Stoics gathered on the porch of a park building. The building overlooked a grove of trees and a meadow in the city.
It was a rare gathering because the Stoics hardly ever came together as a single congregation. More often, they met in small schools of a dozen or fewer. In daily or weekly sessions, teachers organized discussions and strove to show their followers how to align their spirits with the nature of the world.
This day was a holiday. The observances had finished and, at the end, one school occupied the western quarter of the wide, marble porch slab. Some members stood in the sun, others at the edge. Along the edge there was shade provided by poplar and cottonwood trees. Occasional breezes stirred the leaves of the trees and relieved everyone from the summer heat.
Several Stoic women had gathered in the shade to talk. One of the teachers nodded to them as he passed. It was out of concern for one of their number who had not been appointed successor of her school that this leader had decided to approach.
He met his fellow instructor in the corner of the porch.
"You want to know why I've announced no successor?" said the one who had been approached. "It's simple. I have none."
"Everyone has been expecting the announcement for months."
"I know who you're talking about." The first one shook his head. "No. Her understanding of my approach is terrible. She learns everything by rote, not at the level I demand. I will never bless her. I will never let her inherit my mantle."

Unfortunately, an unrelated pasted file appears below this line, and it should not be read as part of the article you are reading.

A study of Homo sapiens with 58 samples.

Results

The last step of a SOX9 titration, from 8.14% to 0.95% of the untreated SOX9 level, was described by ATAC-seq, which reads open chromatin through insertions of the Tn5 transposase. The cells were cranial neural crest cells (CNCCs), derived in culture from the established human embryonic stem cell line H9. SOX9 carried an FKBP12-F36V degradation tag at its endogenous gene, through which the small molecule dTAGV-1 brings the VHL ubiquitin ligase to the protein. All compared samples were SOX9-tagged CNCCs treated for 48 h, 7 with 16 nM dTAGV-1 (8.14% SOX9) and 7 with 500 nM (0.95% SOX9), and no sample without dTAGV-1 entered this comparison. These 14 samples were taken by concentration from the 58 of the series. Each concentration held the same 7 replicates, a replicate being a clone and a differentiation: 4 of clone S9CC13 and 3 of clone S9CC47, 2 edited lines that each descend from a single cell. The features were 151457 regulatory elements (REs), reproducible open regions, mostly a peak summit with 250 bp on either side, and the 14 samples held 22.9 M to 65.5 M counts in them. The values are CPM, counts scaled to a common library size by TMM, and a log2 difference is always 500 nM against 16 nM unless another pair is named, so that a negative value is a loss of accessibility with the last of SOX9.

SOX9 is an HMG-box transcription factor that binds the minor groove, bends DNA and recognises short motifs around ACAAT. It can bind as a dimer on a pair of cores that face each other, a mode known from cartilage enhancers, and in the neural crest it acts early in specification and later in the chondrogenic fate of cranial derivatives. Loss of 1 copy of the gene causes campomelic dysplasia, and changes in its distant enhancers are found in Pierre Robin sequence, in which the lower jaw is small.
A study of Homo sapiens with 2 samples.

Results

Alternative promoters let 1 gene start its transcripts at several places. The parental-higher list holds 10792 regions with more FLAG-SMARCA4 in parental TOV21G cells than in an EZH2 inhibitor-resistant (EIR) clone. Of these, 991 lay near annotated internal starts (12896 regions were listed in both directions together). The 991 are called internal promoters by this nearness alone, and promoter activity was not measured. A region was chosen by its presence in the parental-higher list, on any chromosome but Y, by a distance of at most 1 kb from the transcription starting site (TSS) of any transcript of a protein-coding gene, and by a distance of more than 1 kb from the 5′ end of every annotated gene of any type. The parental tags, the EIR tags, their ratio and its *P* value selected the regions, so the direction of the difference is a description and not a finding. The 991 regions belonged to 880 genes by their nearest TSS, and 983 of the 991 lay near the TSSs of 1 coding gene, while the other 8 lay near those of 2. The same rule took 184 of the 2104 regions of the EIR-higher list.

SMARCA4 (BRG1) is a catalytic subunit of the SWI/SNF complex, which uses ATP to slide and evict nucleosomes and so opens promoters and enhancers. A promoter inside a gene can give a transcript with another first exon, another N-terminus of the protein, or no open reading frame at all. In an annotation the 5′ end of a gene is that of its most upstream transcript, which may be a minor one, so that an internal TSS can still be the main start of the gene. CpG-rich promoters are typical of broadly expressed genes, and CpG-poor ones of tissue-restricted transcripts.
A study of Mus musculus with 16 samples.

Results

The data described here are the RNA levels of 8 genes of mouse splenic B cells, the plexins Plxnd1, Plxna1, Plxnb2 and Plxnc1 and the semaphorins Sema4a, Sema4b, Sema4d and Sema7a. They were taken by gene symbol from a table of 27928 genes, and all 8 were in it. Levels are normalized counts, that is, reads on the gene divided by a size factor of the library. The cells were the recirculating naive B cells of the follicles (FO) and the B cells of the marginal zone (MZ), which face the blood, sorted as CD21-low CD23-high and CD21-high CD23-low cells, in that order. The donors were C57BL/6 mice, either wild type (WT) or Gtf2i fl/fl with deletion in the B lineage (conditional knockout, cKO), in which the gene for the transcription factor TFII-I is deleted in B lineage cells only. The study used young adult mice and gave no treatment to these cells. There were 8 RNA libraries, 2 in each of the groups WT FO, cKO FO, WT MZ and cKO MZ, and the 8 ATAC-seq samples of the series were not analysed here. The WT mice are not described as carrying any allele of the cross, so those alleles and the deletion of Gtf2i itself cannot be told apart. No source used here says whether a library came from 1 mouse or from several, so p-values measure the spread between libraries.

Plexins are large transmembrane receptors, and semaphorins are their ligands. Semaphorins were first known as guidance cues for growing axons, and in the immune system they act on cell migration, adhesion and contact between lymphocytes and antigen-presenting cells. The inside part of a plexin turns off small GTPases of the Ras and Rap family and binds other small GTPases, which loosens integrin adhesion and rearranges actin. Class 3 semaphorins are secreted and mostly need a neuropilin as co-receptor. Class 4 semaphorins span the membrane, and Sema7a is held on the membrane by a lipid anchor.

"You shouldn't say such things." The younger fellow rubbed his short, brown beard.
"Because she is a woman? Or because I might hurt her feelings? I thought you were made of sterner stuff. I suppose you've only been fortunate to have had better students."
"You need to choose the best you can."
"Absolutely not. I will only choose an ideal candidate."
They discussed the matter for few minutes but with no resolution. The teacher who had brought up the subject of succession bowed and left. Behind him followed the members of his school.
"Their stoa has a long tradition in this city," he said. "But it must come to an end with this generation."
"Do you say that because their leader is your rival?"
"I know that he considers himself my rival," he said, testing the idea in his mouth. "I've never thought that."
"Why do you think their school of thought must end?"
"If one achieves a little wisdom, one must deal with the problem of bequeathing it. In every attempt to communicate to the next generation, hard-won wisdom must be entrusted, not guarded jealously. In that school, their teacher hoards wisdom like a miser hoards gold."
"I think he only awaits the ideal student."
"Do you not understand what that means? Other people have flaws. They can never never meet the ideals we envision. That teacher will never meet an ideal student." The philosopher shook his head. "Think of marriage or maybe of your work. We all must marry someone real. And we must hire real people to do jobs, not ideal craftsmen who work for free. Anyone who does not attend to real people in the hope of meeting an ideal one is not wise enough to pass on their traditions."